When I travel I tend to take more time deciding which fountain pens to take with me rather than clothing. There are a few things that influence my choice.
Am I flying ? That rules out a few of my vintage pens that don’t travel well. How long will I be away? Pen’s ink capacity becomes a consideration.
Last week I attended a conference out of state. I chose an old Parker 75, a Lamy Studio and a Lamy Safari. Also a couple of Clairefontaine notebooks but that’s another story.
At the conference I pulled out my Lamy Studio to start making notes. It soon became the conversation point with two fellow delegates somewhat taken aback that people still use fountain pens. When was the last time someone asked you about the ballpoint you were using? It doesn’t happen.
We talked about why fountain pens are still made and why I would choose to write with one (several actually).
Fountain pens really have character. I find that using a fountain pen actually helps me write. It becomes an extension of my hand as you get a response from writing with a nib rather than a small ball that adds nothing to your writing experience.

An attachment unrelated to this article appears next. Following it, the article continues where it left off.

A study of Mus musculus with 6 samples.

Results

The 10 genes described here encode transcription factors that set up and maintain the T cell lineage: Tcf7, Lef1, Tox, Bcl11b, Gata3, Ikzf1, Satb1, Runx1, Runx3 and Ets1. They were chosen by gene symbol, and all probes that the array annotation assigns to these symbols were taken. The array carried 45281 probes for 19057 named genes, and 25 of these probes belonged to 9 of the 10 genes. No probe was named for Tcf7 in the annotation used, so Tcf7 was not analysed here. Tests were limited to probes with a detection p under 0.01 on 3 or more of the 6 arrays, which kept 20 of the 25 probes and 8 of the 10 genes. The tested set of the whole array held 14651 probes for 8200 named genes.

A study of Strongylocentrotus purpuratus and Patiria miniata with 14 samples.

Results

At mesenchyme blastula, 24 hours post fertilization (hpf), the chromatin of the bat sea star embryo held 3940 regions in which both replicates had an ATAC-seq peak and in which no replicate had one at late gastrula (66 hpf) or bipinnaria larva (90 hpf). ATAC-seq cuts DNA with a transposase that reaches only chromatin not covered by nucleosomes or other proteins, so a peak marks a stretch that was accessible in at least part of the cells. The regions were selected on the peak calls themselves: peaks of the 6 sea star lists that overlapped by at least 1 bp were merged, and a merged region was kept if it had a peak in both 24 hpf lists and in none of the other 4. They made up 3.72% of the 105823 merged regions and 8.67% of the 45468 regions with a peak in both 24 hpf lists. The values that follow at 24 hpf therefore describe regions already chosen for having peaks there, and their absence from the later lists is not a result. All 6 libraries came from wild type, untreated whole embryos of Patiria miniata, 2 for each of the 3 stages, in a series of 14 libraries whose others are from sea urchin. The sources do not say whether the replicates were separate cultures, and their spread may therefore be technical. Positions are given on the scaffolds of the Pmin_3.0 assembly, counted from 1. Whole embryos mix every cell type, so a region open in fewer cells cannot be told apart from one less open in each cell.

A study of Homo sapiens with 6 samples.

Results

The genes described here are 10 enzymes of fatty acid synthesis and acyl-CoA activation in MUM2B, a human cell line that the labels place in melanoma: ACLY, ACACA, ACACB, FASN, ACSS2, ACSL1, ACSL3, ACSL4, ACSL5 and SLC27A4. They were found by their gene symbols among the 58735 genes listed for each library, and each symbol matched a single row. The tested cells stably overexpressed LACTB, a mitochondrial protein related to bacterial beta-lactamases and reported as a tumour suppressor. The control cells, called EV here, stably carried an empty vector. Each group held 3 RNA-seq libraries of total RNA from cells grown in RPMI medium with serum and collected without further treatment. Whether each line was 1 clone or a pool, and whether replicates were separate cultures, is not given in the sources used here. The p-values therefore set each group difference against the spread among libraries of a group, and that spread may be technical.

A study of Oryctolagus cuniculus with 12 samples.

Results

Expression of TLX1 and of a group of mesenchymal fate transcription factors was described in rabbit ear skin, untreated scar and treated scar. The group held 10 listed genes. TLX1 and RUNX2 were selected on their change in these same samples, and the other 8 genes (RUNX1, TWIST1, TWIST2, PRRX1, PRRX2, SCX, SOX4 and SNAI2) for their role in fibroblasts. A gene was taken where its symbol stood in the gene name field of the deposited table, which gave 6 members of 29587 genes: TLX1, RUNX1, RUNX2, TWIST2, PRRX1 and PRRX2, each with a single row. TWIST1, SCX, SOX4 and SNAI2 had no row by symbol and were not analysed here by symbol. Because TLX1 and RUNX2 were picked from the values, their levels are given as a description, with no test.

You can feel the nib on the paper – in fact the combination of the two works together to provide the writing experience. I find a ballpoint just rolls over the paper. It’s a boring experience for me. Try a fountain pen and you will soon understand what I mean.
You can’t just write any old way with a fountain pen. You need to have the pen on the right writing angle to get that smooth flow of ink to paper. A ballpoint just lets you write anyway you want. No character, no feeling.
If you haven’t tried a fountain pen since you were at school (showing my age now), or maybe you have never had the experience at all, then now is the time to take that step.